President Aquino’s appeal to the Sultan of Sulu to order his followers who had crossed over to Sabah to press the sultanate’s ancestral claim to the Malaysian state to return home was an ultimatum to end the standoff with Malaysia.
The President could not have been more emphatic in making the sultanate toe the longstanding policy of not reviving the dormant claim to Sabah when he warned the Sultan in a press conference on radio-TV on Tuesday: “The right thing to do now is order your followers to return home as soon as possible. The choices and consequences are yours. If you choose not to cooperate, the full force of the state will be used to achieve justice for all who have been put in harm’s way.”
He was referring to a group of armed followers of Sultan Jamalul Kiram III who landed in Sabah from Tawi-Tawi two weeks ago in an action to occupy Sabah, which they claim as their ancestral land. The armed men holed up in Lahad Datu in Sabah and were surrounded by Malaysian security forces who are prepared to expel the Filipinos by force.
Mincing no words, the President left no doubt of his determination to break the standoff between the Sultan’s men and the Malaysian forces.
“The point of no return has not been reached yet, but we are approaching that time fast,” the President said in a prepared statement at the end of the extended deadline set by Malaysia for the Sultan’s men to leave and return home. Malaysian authorities had thrice extended the deadline for the Filipinos to leave before they would be expelled.
“May I remind you as well as a citizen of the republic, you are bound by the Constitution of the republic and its laws,” the President said in reading the riot act to the Sultan. Among the possible violations of the Constitution, he said, concerned Article 22, Section 2, which provides that “the Philippines renounces war as an instrument of national policy.” He further cited the enabling law for this provision—Article 118 of the Revised Penal Code, which punishes those who “provoke or give occasion for war … or expose Filipino citizens to reprisals on their persons and property.” Having been warned of the futility of holing up the village of Tanduao in Lahad Datu town, and of the Philippine government’s decision not to intervene in its expulsion, the so-called Royal Armed Forces of the Sultanate of Sulu and North Borneo has no alternative but to leave.
High officials of the Philippines and Malaysia have been engaged in intense backroom talks to avert a showdown, which both governments fear may scuttle the Aquino administration’s high-priority project of establishing the Bangsamoro as an Islamic substate in Mindanao, within the constitutional framework of the predominantly Christian majority of the republic. It was not clear yesterday whether the Sultan would withdraw his men from Sabah, and government emissaries have been negotiating with the sultanate’s heirs for an amicable exit. The Philippine Navy has sent ships to the approaches of Sabah to evacuate the armed men and their families and bring them home.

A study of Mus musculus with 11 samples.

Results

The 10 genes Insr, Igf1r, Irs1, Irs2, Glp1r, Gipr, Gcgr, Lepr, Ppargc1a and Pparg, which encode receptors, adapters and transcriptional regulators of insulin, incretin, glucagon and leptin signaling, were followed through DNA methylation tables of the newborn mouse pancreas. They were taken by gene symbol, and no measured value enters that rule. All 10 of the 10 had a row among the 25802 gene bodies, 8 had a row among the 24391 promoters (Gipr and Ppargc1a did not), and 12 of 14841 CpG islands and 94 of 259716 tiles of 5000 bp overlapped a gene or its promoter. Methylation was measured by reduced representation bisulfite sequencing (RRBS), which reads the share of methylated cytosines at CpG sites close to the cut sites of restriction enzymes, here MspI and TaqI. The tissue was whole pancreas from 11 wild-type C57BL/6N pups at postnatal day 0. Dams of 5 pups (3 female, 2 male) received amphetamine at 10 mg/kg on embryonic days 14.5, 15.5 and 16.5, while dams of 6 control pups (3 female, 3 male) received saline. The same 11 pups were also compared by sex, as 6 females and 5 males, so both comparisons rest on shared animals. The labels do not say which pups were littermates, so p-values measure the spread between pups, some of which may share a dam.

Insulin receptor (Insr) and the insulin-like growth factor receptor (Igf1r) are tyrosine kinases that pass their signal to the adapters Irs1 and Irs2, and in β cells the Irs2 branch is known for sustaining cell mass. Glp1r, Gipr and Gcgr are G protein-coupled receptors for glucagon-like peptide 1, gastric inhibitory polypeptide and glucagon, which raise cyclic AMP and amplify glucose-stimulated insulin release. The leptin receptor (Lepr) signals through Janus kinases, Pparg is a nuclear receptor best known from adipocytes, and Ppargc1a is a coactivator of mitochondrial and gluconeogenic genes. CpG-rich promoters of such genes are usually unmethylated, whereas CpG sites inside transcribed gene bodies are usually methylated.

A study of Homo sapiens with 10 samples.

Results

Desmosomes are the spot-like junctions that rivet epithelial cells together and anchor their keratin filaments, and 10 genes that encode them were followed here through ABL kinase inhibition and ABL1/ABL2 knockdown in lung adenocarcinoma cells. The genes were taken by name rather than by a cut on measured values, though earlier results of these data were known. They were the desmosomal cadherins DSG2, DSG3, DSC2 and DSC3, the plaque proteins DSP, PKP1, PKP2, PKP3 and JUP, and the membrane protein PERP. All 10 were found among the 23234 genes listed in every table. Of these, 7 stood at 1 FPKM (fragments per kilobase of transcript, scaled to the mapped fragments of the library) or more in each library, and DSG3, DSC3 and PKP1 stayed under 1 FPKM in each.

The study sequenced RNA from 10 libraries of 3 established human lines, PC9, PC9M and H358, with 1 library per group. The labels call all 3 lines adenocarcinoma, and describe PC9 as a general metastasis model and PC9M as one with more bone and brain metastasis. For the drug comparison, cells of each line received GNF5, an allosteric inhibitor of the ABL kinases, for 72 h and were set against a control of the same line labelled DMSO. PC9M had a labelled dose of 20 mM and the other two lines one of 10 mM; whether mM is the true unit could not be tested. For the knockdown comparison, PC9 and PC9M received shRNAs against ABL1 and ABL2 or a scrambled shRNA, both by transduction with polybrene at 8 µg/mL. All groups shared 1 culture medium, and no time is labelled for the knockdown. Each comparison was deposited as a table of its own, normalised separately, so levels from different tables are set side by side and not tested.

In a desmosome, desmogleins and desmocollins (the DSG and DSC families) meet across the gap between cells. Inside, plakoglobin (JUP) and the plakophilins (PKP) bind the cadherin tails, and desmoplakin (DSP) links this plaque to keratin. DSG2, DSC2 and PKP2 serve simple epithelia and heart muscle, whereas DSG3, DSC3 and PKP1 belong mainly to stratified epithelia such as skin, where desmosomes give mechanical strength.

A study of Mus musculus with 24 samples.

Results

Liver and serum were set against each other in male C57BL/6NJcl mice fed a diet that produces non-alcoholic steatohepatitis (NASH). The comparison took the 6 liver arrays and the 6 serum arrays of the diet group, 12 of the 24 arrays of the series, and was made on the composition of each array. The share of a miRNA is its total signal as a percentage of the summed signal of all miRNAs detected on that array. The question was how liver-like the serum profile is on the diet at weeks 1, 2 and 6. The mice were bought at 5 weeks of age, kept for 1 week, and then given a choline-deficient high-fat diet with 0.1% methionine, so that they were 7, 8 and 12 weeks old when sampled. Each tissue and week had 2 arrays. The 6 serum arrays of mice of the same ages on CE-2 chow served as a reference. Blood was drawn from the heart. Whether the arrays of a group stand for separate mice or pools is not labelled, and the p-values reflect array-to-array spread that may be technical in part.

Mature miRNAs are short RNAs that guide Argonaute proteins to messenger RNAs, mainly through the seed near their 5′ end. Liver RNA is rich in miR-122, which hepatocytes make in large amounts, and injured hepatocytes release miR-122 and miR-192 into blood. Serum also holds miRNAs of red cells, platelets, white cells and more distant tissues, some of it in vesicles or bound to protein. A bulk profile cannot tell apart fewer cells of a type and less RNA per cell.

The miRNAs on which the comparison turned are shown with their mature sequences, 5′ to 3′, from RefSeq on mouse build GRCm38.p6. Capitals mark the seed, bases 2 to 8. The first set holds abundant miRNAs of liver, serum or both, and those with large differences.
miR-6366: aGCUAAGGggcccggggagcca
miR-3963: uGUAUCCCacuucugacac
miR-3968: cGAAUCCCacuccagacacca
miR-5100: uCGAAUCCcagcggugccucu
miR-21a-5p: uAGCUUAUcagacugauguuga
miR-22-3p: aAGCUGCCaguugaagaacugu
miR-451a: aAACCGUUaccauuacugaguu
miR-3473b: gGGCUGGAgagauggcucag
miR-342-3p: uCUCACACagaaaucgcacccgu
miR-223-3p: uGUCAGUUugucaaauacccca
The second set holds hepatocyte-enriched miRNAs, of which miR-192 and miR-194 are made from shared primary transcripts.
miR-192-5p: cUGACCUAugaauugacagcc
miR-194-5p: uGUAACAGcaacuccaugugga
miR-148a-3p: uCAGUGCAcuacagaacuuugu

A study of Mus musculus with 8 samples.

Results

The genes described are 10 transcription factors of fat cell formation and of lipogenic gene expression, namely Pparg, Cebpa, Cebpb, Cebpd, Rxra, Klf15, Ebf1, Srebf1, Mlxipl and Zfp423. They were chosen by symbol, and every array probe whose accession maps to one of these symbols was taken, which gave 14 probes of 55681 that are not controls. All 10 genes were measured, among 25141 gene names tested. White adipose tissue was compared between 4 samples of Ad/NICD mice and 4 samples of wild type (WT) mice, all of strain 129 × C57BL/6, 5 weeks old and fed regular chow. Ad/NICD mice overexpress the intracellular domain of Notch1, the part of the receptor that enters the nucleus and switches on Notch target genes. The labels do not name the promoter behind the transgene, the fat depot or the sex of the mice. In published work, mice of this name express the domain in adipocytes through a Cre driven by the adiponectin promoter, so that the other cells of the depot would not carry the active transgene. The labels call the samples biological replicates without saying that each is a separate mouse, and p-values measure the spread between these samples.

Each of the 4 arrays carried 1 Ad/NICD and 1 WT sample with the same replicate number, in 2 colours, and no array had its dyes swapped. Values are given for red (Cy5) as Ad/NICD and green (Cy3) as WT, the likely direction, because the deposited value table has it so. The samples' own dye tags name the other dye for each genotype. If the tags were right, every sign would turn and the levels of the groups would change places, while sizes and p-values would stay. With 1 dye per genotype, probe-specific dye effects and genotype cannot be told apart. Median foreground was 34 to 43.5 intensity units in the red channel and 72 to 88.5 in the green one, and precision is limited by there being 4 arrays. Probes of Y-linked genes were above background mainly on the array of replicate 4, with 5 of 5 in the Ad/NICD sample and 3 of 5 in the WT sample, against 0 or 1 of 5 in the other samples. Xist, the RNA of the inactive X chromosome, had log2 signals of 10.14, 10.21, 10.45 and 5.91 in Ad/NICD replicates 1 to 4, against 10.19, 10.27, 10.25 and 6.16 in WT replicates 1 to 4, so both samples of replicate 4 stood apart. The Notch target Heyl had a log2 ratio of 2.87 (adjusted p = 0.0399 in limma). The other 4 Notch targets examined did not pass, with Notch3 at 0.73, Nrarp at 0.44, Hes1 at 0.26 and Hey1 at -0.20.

Only a week ago in Iloilo, the President signaled his disapproval of the occupation action of the sultanate’s armed followers.
“If you [use] guns, of course the other side will have only one possible response to [our] challenge,” Mr. Aquino told reporters. “That cannot be the solution.” He said he expected that Malaysia would not give Sabah away without a fight.
The emphatic ultimatum issued by the President to the Sultan appears to have averted a head-on collision with Malaysia, which has been facilitating peace talks that led to the Bangsamoro initiative. But it has come at the expense of sending back to a comatose state the Philippine claim to Sabah. The President has sent the signal that the government is not going to step in to back the sultanate in its bid to claim Sabah. He has said that he was prepared to talk with the heirs of the sultanate after their men withdraw from Sabah.
According to senior sultanate officers, the decision to send men to occupy Sabah was made because the sultanate had been feeling left out from the talks on the establishment of the Bangsamoro entity.
The Aquino administration announced that the President has ordered the Department of Justice, the Department of Foreign Affairs and the Office of the President to look into the sultanate’s claim to Sabah. According to Justice Secretary Leila de Lima, the government will know what action to take after the “comprehensive legal study of the ownership of Sabah.” She said: “What the President wants is to look at the merit or validity of the Sabah claim before he makes any decision, or before this government makes any policy direction with respect to that issue.”
The message seems to be that the government is not rocking the boat and is going back to square one—when President Diosdado Macapagal initiated filing a claim to Sabah, when it was part of British North Borneo.
De Lima took refuge in the excuse for nonaction that no administration after that of the late President Ferdinand Marcos had taken a “definitive” stand on the Sabah issue. She was apparently referring to the so-called “Jabidah massacre” of 1968, when Marcos organized a secret project to train Moro youths on Corregidor Island to infiltrate Sabah in order to stir up secessionist unrest there. The recruits revolted and tried to escape Corregidor, and were massacred. Only one recruit survived. He revealed the plot, causing it to collapse and creating a major diplomatic conflict between the Philippines and Malaysia. The massacre also heightened the Moro insurgency in Mindanao, which has lasted many generations.